Doctors and loved ones give smokers umpteen reasons to quit smoking. And smokers always give the same reason or excuse for why they don’t want to quit – quitting may lead to some weight gain. Well, smokers, you need not worry too much because not all smokers will put on weight after quitting. According to a study conducted by researchers at Penn State College of Medicine, the number of ‘sticks’ a person smokes per day and the smokers current BMI (body mass index) can provide a fair idea of the weight changes that can happen after renouncing cigarettes.
Previous research studies have demonstrated that the weight gain can range from just a few pounds to more than twenty five. Unfortunately the studies were not able to determine how much weight an individual might gain, nor were they able to single out the factors responsible for the weight gain.
According to Susan Veldheer, a registered dietitian, many smokers are worried they’ll gain weight after quitting, and in many cases this becomes a huge factor when they are considering whether or not to even try. That is why it is very important to be able to easily identify which smokers could gain more weight when they quit. On one hand, it’ll help people not at risk of gaining weight take the plunge. On the other hand, it will help prepare the people at risk of gaining weight for the shock ahead and how to deal with it.
As part of the study, the researchers reviewed data from over 12,000 participants in the National Health and Nutrition Examination Survey. They looked at the number of cigarettes each participant smoked per day and the BMI of each participant before quitting. They then closely followed the participants for 10 years to note if the above factors played a role in their weight change.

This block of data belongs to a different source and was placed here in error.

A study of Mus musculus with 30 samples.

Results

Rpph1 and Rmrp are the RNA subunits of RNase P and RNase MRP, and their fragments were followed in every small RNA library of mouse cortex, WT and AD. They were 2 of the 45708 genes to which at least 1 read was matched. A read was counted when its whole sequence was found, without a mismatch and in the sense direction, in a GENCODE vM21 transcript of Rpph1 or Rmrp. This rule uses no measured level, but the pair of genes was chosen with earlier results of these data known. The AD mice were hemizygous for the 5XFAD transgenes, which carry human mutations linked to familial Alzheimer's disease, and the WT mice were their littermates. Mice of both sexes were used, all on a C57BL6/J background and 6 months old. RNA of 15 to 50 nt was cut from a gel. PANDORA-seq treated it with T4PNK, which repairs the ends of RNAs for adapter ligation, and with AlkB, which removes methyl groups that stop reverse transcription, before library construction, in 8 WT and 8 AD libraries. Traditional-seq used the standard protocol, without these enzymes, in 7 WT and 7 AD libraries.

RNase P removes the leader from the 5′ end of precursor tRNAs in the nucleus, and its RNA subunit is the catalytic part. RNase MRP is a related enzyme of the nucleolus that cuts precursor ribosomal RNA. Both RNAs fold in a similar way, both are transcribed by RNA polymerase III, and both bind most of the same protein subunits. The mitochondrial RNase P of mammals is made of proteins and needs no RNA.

The researchers compared the change in weight for non-smokers, continuing smokers and the quitters. As people tend to put on some weight over time, all the participants in the study gained weight.
The non-smokers gained about a pound a year for 10 years.
In smokers who smoked less than 15 ‘sticks’ per day there was no difference in the 10-year weight gain between those who continued smoking and those who quit.
In smokers who smoked more than 25 ‘sticks’ per day there was a substantial difference in the 10-year weight gain between those who continued smoking and those who quit. They gained 23 pounds that was purely attributed to giving up cigarettes.
In smokers who were overweight and had a BMI of over 30, there was a substantial difference in the 10-year weight gain between those who continued smoking and those who quit. These obese smokers reported 16 pounds of weight gain that could be directly attributed to quitting.
These results are clearly good news for light to moderate smokers who are concerned about weight gain. The results suggest that in the long term, quitting smoking by itself will not make a big impact on their weight.
In the case of obese smokers and copious smokers, the 23 pound weight increase purely attributed to quitting might seem like a big number. However, it is important for these smokes to understand that quitting is the single most important thing they can do for their health. The health benefits of quitting far outweigh the demerits of weight gain. Having said that, the obese smokers and copious smokers can go one step further and add healthy lifestyle changes, like diet and exercise, to their smoking cessation. This way they can kill two birds with one stone.